Santa Rosa County McKinney-Vento Program First of Its Kind in Country

Submitted By

Debbie Price, RN
Florida Department of Health in Santa Rosa County, Florida
February 6, 2015

In 2013, the school district and the health department in Santa Rosa County collaborated to secure a grant under the McKinney-Vento (MCV) Act that would fund case management efforts for the district's homeless and disadvantaged youth and their families. It was the first program of its kind in the country.

The Florida Department of Health in Santa Rosa County employs seven school nurses. Of the 33 schools they serve, 18 have an increased proportion of students that are identified as "disadvantaged" based on criteria such as loss of housing and economic hardship. They may be sharing housing with other persons; living in motels, hotels, campgrounds, or emergency/transitional shelters; have been abandoned; or are awaiting placement in foster care. The most critical are unaccompanied youth with little support. These students require not only housing but health care, dental care, and basic necessities such as clothing.

The Florida Department of Health in Santa Rosa County School Health Program partnered with the School District of Santa Rosa to develop a new, innovative approach to providing health services to the county's homeless and disadvantaged students. The program is called the McKinney-Vento (MCV) Program. The McKinney-Vento Act-Title X, Part C of the Elementary and Secondary Education Act defines the legal rights and definition of a homeless or unaccompanied youth. The school nursing team integrates MCV student services into the routine school health services program as well as through mandated screening services. The nursing program specialist provides program development, program management, supervision of staff, and program evaluation. The grant that made it possible to implement the program in the Santa Rosa County School District was secured through a collaborative effort involving the health department and the school district's federal programs office. This program uses a collaborative approach in providing services and aligns with the access to care issue identified in the county's community health improvement plan.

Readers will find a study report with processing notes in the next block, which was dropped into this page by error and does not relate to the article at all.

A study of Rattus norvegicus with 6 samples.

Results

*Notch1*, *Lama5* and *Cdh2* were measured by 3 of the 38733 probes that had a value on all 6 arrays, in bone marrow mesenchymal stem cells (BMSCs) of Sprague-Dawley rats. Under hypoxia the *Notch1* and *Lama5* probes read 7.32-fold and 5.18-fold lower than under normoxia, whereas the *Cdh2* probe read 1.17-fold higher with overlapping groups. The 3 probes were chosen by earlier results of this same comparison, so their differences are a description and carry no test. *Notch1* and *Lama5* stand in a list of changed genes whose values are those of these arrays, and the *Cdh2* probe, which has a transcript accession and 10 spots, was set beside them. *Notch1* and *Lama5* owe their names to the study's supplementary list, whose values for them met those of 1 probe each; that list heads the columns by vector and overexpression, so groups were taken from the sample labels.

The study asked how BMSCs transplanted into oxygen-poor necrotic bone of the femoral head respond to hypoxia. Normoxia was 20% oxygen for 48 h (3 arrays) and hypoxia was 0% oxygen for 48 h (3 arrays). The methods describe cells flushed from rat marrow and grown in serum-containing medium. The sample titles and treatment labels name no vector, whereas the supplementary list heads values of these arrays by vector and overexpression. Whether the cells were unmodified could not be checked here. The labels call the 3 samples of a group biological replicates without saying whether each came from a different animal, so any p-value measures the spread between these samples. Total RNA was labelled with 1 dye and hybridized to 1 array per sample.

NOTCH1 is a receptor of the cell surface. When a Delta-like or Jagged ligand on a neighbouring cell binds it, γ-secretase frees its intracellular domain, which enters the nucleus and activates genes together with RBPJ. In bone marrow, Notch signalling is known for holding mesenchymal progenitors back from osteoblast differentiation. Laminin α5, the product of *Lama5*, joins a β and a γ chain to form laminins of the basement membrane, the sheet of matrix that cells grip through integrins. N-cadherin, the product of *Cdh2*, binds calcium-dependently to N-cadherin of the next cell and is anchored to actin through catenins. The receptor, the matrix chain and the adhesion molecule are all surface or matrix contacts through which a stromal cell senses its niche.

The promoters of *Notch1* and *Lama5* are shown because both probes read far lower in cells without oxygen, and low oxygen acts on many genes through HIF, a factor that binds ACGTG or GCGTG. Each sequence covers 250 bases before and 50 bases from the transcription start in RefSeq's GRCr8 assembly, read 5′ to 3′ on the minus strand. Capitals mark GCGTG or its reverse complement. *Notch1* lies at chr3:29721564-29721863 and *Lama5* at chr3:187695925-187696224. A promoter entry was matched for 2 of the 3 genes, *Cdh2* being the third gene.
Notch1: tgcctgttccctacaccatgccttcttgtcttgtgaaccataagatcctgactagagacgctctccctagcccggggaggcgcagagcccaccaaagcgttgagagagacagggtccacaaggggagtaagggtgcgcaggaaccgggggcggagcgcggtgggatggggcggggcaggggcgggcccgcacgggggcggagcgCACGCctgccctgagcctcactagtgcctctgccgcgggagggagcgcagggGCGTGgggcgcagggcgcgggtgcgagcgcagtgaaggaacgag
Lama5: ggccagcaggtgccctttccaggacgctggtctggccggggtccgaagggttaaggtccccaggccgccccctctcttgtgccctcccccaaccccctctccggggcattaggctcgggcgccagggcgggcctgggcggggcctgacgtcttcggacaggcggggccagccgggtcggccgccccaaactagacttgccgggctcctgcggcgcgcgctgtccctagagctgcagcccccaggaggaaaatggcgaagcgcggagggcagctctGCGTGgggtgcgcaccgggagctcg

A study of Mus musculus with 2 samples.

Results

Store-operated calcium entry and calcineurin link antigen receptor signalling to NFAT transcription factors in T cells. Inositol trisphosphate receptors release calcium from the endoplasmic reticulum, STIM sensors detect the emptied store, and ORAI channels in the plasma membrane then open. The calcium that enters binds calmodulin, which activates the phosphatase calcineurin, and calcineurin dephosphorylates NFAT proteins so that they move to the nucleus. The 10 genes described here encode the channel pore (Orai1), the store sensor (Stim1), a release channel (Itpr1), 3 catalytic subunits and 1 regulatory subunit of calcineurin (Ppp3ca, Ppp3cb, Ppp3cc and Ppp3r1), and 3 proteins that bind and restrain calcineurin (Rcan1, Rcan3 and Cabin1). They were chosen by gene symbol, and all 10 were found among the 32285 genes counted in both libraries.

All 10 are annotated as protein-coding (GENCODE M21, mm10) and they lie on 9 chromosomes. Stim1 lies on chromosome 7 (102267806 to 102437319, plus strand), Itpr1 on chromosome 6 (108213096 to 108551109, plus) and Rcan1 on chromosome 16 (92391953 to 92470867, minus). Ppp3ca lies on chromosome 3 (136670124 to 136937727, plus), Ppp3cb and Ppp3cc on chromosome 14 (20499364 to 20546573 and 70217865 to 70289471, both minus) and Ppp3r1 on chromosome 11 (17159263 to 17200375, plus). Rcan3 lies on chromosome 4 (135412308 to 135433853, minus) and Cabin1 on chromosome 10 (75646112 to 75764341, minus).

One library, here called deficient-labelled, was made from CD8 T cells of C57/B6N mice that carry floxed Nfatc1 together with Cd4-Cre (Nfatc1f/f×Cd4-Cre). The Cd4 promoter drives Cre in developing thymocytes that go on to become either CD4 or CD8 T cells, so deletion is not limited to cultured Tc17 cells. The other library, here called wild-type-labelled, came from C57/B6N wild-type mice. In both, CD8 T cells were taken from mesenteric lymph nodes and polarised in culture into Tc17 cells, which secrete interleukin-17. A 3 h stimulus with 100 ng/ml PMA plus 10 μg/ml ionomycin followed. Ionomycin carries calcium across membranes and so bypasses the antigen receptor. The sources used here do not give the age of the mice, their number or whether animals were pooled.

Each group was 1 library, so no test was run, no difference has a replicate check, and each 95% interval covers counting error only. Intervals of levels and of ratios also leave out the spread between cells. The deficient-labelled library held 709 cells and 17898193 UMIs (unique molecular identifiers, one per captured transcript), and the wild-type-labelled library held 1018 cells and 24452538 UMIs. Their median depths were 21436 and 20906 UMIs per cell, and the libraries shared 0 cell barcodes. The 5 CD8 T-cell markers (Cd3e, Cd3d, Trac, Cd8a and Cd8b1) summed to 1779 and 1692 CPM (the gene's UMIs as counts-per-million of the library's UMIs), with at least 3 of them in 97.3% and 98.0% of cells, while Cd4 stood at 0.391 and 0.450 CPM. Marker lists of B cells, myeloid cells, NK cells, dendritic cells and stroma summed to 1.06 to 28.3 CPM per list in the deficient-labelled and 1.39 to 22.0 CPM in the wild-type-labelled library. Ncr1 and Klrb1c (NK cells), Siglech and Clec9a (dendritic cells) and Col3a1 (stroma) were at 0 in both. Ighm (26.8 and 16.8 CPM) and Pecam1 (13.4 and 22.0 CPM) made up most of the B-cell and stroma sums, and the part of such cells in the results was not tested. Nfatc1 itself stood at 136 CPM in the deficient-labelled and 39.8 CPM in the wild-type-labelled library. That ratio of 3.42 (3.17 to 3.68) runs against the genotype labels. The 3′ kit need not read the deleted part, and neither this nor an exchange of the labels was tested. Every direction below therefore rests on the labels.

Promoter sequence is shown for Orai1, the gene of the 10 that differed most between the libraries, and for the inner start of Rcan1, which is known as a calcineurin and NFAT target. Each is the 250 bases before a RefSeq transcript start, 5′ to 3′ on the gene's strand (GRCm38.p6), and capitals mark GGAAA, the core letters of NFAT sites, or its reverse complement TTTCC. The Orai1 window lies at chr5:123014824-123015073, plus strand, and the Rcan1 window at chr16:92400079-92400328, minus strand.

The program uses a community health approach to case manage and provide direct health care and appropriate referrals. Medical services are provided by community partners that include the Federally Qualified Health Centers (FQHC) and local physicians. School nurses also work closely with the schools' MCV liaisons to help provide clothes, coats, shoes, and other personal care items. They work with the school district's social workers to assist students and families that are uninsured in applying for health insurance coverage. There have been many successes, including a student with poorly controlled diabetes who was on the brink of being retained, and in danger of being removed from his family's custody, due to excessive absences from repeated hospitalizations. Because of the relationship that developed through the MCV program with the nurse case manager, the student achieved better control of his diabetes, did well in Summer school, remained with his family, and advanced to middle school.

Seeking to fill a need, we were willing to look outside the box to develop a collaborative approach utilizing community partnerships. Santa Rosa County was the first district to put this program into practice and the impact has been significant. MCV is also working on a collaborative agreement with a FQHC to provide dental and medical vans on school campuses. This new component will further reduce the health disparities of this population, improve academic performance, and promote families’ resiliency.